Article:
Product And Pricing Decisions Starbucks

Product And Pricing Decisions Starbucks


  The team began by extensively researching both competitors' and Starbucks' stores. They brought in hidden cameras to document how well the employees knew their coffee, and they asked customers how they felt about the products, atmosphere, service, and coffee. The insights they gained became the foundation of their strategy.

  As with all good marketing strategies, the heart of the plan was a vision of how they wanted to position Starbucks in the coffee market. In addition to remaining the quality leader, they wanted Starbucks stores to appear more like local cafes than a national chain and more like a sanctuary from daily stresses than just a take-out coffee store. Other goals included boosting stagnant sales in older stores, establishing a central focus for all Starbucks products, and developing national advertising that would convey a consistent image. Achieving these objectives required making changes in products, distribution, and promotion.'

  Over the years, Starbucks core products, coffee beans and beverages, had already undergone changes to meet customer preferences. But some merchandise, such as mugs and coffee makers, had been left untouched. Now new merchandise was planned for all stores. In addition, new food items were offered to attract customers throughout the day (because half the day's sales were typically made during the morning hours)。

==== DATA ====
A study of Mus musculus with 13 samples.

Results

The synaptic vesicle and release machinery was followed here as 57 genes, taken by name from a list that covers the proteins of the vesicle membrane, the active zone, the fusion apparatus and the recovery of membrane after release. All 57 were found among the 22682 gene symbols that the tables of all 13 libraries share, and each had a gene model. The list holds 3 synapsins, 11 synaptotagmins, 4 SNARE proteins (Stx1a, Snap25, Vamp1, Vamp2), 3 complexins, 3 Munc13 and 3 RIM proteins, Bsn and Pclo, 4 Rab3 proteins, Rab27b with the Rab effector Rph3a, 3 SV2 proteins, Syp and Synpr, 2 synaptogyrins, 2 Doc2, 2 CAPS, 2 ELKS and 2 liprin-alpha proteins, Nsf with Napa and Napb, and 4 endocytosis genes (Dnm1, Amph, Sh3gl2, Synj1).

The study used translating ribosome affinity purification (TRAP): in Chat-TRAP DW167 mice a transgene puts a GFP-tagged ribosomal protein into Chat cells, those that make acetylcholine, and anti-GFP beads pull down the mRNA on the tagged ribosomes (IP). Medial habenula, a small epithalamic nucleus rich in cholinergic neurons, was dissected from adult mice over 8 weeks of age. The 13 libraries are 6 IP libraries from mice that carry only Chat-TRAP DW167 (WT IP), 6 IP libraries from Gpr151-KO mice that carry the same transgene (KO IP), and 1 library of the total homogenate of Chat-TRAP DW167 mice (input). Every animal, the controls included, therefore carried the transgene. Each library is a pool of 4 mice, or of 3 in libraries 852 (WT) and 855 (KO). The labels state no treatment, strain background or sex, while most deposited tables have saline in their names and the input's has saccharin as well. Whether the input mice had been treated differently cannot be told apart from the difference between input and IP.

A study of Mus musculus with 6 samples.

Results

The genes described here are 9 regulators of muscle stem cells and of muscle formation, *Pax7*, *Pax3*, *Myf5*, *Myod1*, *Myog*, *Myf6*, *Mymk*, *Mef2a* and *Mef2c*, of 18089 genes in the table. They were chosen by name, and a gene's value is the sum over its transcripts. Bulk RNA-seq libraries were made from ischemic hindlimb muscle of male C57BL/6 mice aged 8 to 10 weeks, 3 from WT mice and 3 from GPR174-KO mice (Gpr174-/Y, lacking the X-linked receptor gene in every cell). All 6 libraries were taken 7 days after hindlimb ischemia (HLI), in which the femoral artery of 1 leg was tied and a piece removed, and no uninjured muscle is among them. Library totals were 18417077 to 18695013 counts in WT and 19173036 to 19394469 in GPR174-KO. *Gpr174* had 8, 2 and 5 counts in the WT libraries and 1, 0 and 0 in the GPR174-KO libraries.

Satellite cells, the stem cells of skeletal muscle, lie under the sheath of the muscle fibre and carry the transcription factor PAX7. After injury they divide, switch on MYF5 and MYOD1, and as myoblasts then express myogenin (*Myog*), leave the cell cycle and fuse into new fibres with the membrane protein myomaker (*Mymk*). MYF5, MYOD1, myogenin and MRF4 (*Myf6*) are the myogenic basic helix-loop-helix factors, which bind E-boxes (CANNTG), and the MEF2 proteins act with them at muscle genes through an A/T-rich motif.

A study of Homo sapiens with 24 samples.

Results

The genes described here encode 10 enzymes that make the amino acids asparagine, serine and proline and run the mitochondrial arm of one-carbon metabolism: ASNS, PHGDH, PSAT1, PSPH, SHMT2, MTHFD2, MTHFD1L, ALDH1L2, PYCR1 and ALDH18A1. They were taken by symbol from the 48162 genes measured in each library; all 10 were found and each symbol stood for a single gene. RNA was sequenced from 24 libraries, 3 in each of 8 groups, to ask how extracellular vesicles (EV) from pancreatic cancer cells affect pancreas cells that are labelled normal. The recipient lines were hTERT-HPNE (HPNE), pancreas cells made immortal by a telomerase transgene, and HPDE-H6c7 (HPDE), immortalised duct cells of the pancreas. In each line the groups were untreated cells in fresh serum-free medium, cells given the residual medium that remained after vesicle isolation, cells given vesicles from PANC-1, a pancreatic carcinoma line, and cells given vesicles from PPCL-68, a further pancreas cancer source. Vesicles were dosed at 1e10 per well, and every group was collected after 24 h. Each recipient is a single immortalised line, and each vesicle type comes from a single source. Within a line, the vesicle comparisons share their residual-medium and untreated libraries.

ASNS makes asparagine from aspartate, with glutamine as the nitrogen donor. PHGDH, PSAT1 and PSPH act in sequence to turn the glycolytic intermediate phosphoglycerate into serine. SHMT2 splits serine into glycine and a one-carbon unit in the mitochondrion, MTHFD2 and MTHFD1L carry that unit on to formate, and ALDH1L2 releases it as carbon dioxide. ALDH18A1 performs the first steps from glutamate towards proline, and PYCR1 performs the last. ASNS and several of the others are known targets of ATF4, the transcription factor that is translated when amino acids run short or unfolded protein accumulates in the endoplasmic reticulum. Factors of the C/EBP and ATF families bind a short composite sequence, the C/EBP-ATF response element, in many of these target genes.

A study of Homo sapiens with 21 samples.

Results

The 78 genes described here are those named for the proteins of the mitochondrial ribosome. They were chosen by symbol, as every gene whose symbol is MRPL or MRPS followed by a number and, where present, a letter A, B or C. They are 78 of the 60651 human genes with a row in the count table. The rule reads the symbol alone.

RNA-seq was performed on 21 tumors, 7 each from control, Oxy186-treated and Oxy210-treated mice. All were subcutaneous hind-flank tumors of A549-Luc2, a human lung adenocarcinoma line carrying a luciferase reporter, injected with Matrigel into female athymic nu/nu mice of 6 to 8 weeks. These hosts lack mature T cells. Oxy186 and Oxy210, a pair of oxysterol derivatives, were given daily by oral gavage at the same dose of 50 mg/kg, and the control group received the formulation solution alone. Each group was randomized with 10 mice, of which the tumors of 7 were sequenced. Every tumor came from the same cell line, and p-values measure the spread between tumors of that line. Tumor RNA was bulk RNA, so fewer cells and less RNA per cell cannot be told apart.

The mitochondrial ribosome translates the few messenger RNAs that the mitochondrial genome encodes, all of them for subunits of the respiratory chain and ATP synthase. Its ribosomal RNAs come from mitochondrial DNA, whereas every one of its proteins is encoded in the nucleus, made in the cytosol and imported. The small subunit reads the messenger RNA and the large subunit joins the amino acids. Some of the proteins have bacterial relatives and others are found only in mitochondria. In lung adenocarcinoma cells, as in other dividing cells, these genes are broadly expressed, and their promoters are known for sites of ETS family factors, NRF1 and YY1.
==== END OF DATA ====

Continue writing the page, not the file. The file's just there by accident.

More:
New products were targeted for grocery store distribution, including cold coffee drinks and ice cream novelties. However, the company was adamant about maintaining its identity through strict product standards. If a product wasn't fundamentally related to coffee and to Starbucks' core values, it wouldn't carry the Starbucks logo.

  The retail distribution strategy had to address additional challenges. To combat the fears of certain communities about losing their uniqueness, Starbucks began designing new stores to reflect local cultures. For example, a store in Seattle's upscale Queen Anne neighborhood has a fireplace and large chairs that invite customers to linger and relax.


  Even though product and distribution changes were important, a well-designed promotion strategy was the key to building a consistent image nationwide. Starbucks had always taken an undifferentiated approach to marketing. If a person was a coffee lover, that person was a potential Starbucks customer. And research shows that coffee lovers have an emotional tie to the beverage. It can even be a part of their self-identity. To capitalize on this, the marketing team focused on building a national campaign that didn't feel national. They wanted customers to build a personal identification with Starbucks products. So the advertisements they developed were down-to-earth and genuine, depicting Starbucks as a place to find peace in a hectic world. To counter arguments that the company is too pristine, Starbucks used ads that were somewhat unpolished, as though an art student had done them. In addition, the company began to experiment with "digital marketing" through a hip Web site that attempts to re-create the coffeehouse culture on the Internet.

  Finally, to ensure high standards of quality and maintain what Schultz believes is Starbucks' biggest point of differentiation, the company reaffirmed its commitment to its employees. All Starbucks employees receive extensive training before they set foot behind a counter. They also receive progressive compensation, including full health benefits and stock options, even for part-time employees. As Schultz says, "The only way we're going to be successful is if we have the people who are attracted to the company and who are willing to sustain the growth as owners."

  Only time will tell what the gourmet coffee market will I be like when Starbucks turns 50. But by continuing to offer' the best-quality coffee products in a comfortable environment, I and by supporting the brand through innovative promotion, I Howard Schultz expects Starbucks to remain on top of the bean hill.